From: Merlin Moncure <mmoncure(at)gmail(dot)com>
To: Marko Kreen <markokr(at)gmail(dot)com>
Cc: Tom Lane <tgl(at)sss(dot)pgh(dot)pa(dot)us>, Robert Haas <robertmhaas(at)gmail(dot)com>, "A(dot)M(dot)" <agentm(at)themactionfaction(dot)com>, pgsql-hackers(at)postgresql(dot)org, Mikko Tiihonen <mikko(dot)tiihonen(at)nitorcreations(dot)com>, Noah Misch <noah(at)leadboat(dot)com>
Subject: Re: GUC_REPORT for protocol tunables was: Re: Optimize binary serialization format of arrays with fixed size elements
Date: 2012-01-25 20:50:09
Message-ID: (view raw, whole thread or download thread mbox)
Lists: pgsql-hackers
On Wed, Jan 25, 2012 at 2:29 PM, Marko Kreen <markokr(at)gmail(dot)com> wrote:
>> well, I see the following cases:
>> 1) Vserver > Vapplication: server downgrades wire formats to
>> applications version
>> 2) Vapplication > Vlibpq > Vserver: since the application is
>> reading/writing formats the server can't understand, an error should
>> be raised if they are used in either direction
>> 3) Vlibpq >= VApplication > Vserver: same as above, but libpq can
>> 'upconvert' low version wire format to application's wire format or
>> error otherwise.
> I don't see why you special-case libpq here.  There is no reason
> libpq cannot pass older/newer formats through.  Only thing that
> matters it parser/formatter version.  If that is done in libpq,
> then app version does not matter.  If it's done in app, then
> libpq version does not matter.

Only because if the app is targeting wire format N, but the server can
only handle N-1, libpq has the opportunity to fix it up.  That's could
be just over thinking it though.

>> By far, the most common cause of problems (both in terms of severity
>> and frequency) is case #1.  #3 allows a 'compatibility mode' via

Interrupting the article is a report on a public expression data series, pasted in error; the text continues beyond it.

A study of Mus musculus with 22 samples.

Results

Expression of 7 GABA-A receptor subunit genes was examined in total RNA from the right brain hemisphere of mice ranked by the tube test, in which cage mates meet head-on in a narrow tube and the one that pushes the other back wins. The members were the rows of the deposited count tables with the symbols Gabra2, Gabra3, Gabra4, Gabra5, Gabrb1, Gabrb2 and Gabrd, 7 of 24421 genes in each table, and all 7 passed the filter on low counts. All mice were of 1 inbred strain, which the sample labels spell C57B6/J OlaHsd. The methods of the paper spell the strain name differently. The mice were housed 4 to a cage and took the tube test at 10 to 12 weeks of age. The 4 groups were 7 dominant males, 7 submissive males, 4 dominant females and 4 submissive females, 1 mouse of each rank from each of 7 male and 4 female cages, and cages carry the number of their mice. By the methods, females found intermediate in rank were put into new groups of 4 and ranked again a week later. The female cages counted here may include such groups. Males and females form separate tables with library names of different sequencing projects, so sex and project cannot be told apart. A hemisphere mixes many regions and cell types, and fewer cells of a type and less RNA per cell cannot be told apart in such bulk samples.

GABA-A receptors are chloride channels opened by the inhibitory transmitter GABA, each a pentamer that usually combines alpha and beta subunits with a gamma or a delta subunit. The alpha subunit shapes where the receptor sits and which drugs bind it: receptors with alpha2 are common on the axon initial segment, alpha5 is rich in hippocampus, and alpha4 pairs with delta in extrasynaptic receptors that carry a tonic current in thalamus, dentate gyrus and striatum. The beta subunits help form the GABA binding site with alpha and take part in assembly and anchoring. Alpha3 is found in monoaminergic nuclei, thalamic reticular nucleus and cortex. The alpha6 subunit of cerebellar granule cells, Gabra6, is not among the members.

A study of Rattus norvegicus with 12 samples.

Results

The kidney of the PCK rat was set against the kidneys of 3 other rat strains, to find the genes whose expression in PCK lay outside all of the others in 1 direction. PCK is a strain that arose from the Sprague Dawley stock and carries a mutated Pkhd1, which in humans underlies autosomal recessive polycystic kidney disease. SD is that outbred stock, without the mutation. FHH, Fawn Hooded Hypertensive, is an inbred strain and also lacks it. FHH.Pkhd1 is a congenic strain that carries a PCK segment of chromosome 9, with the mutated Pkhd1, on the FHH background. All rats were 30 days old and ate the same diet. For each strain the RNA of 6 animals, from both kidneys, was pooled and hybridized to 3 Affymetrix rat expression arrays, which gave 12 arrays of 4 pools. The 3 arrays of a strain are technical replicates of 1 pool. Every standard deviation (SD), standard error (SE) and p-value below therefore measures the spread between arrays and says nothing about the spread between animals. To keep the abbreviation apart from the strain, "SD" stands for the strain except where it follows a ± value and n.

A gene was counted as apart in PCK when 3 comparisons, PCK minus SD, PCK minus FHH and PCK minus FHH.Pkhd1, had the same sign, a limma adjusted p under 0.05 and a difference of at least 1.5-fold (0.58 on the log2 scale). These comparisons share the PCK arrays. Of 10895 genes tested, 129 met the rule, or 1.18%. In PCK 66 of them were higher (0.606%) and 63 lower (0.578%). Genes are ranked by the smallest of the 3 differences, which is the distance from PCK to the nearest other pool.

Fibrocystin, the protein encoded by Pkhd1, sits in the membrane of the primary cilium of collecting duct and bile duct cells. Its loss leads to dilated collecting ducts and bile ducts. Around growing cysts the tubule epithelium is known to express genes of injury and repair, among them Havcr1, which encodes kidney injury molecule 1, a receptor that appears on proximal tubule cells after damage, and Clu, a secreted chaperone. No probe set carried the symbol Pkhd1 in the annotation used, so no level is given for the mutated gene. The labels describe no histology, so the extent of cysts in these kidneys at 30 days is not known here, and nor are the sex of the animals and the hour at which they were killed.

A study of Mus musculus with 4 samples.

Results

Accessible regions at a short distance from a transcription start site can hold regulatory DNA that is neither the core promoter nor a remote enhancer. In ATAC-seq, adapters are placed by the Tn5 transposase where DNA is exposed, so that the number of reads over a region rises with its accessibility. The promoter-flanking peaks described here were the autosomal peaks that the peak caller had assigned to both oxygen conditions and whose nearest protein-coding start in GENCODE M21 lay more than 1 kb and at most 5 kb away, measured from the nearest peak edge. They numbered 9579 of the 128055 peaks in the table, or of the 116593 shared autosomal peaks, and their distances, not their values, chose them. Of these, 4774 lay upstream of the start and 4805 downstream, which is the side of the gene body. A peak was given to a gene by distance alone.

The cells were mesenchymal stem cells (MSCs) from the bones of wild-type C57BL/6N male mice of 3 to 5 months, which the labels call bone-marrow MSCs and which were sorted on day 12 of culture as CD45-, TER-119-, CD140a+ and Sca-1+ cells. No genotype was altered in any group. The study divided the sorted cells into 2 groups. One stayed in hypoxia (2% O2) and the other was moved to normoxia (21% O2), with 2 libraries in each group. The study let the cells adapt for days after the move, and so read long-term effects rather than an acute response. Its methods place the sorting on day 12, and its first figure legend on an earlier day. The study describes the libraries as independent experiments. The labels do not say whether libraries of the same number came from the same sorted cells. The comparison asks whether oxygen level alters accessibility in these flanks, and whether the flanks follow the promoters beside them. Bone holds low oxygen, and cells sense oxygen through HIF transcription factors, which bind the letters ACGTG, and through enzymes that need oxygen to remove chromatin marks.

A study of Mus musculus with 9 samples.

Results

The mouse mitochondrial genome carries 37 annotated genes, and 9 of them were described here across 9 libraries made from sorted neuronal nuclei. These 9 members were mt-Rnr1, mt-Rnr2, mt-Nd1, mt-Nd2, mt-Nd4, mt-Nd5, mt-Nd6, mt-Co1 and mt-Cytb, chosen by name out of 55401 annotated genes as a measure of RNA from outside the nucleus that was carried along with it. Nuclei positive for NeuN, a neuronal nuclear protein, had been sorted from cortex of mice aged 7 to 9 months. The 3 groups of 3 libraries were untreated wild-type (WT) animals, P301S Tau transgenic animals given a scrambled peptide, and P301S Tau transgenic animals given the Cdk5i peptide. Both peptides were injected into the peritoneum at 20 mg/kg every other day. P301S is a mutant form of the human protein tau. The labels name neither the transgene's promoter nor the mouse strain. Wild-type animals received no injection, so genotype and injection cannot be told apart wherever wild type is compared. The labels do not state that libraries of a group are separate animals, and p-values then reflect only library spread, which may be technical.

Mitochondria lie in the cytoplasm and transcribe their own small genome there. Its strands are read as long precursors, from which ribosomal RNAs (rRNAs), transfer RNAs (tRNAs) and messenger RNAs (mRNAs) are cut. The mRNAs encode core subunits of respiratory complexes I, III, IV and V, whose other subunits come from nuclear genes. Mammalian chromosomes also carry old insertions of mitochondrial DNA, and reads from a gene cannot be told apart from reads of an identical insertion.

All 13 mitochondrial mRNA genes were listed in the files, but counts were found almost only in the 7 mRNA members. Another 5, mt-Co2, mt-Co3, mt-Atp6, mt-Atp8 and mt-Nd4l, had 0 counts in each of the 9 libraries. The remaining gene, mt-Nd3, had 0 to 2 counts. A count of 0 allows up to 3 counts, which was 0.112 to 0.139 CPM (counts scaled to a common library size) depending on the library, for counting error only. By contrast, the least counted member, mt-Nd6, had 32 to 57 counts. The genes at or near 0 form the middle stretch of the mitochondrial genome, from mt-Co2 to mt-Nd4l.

>> libpq, but that comes at significant cost of complexity since libpq
>> needs to be able to translate wire formats up (but not down).  #2/3 is
>> a less common problem though as it's more likely the application can
>> be adjusted to get up to speed: so to keep things simple we can maybe
>> just error out in those scenarios.
> I don't like the idea of "conversion".  Instead either client
> writes values through API that picks format based on server version,
> or it writes them for specific version only.  In latter case it cannot
> work with older server.  Unless the fixed version is the baseline.

ok.  another point about that: libpq isn't really part of the solution
anyways since there are other popular fully native protocol consumers,
including (and especially) jdbc, but also python, node.js etc etc.

that's why I was earlier insisting on a protocol bump, so that we
could in the new protocol force application version to be advertised.
v3 would remain caveat emptor for wire formats but v4 would not.

>> In the database, we need to maintain outdated send/recv functions
>> basically forever and as much as possible try and translate old wire
>> format data to and from newer backend structures (maybe in very
>> specific cases that will be impossible such that the application is
>> SOL, but that should be rare).  All send/recv functions, including
>> user created ones need to be stamped with a version token (database
>> version?).  With the versions of the application, libpq, and all
>> server functions, we can determine all wire formats as long as we
>> assume the application's targeted database version represents all the
>> wire formats it was using.
> My good ideas stop there: the exact mechanics of how the usable set of
>> functions are determined, how exactly the adjusted type look ups will
>> work, etc. would all have to be sorted out.  Most of the nastier parts
>> though (protocol changes notwithstanding) are not in libpq, but the
>> server.  There's just no quick fix on the client side I can see.
> It does not need to be complex - just bring the version number to
> i/o function and let it decide whether it cares about it or not.
> Most functions will not..  Only those that we want to change in
> compatible manner need to look at it.

well, maybe instead of passing version number around, the server
installs the proper compatibility send/recv functions just once on
session start up so your code isn't littered with stuff like
if(version > n) do this; else do this;?

> But seriously - on-wire compatibility is good thing, do not fear it...

sure -- but for postgres I just don't think it's realistic, especially
for the binary wire formats.  a json based data payload could give it
to you (and I'm only half kidding) :-).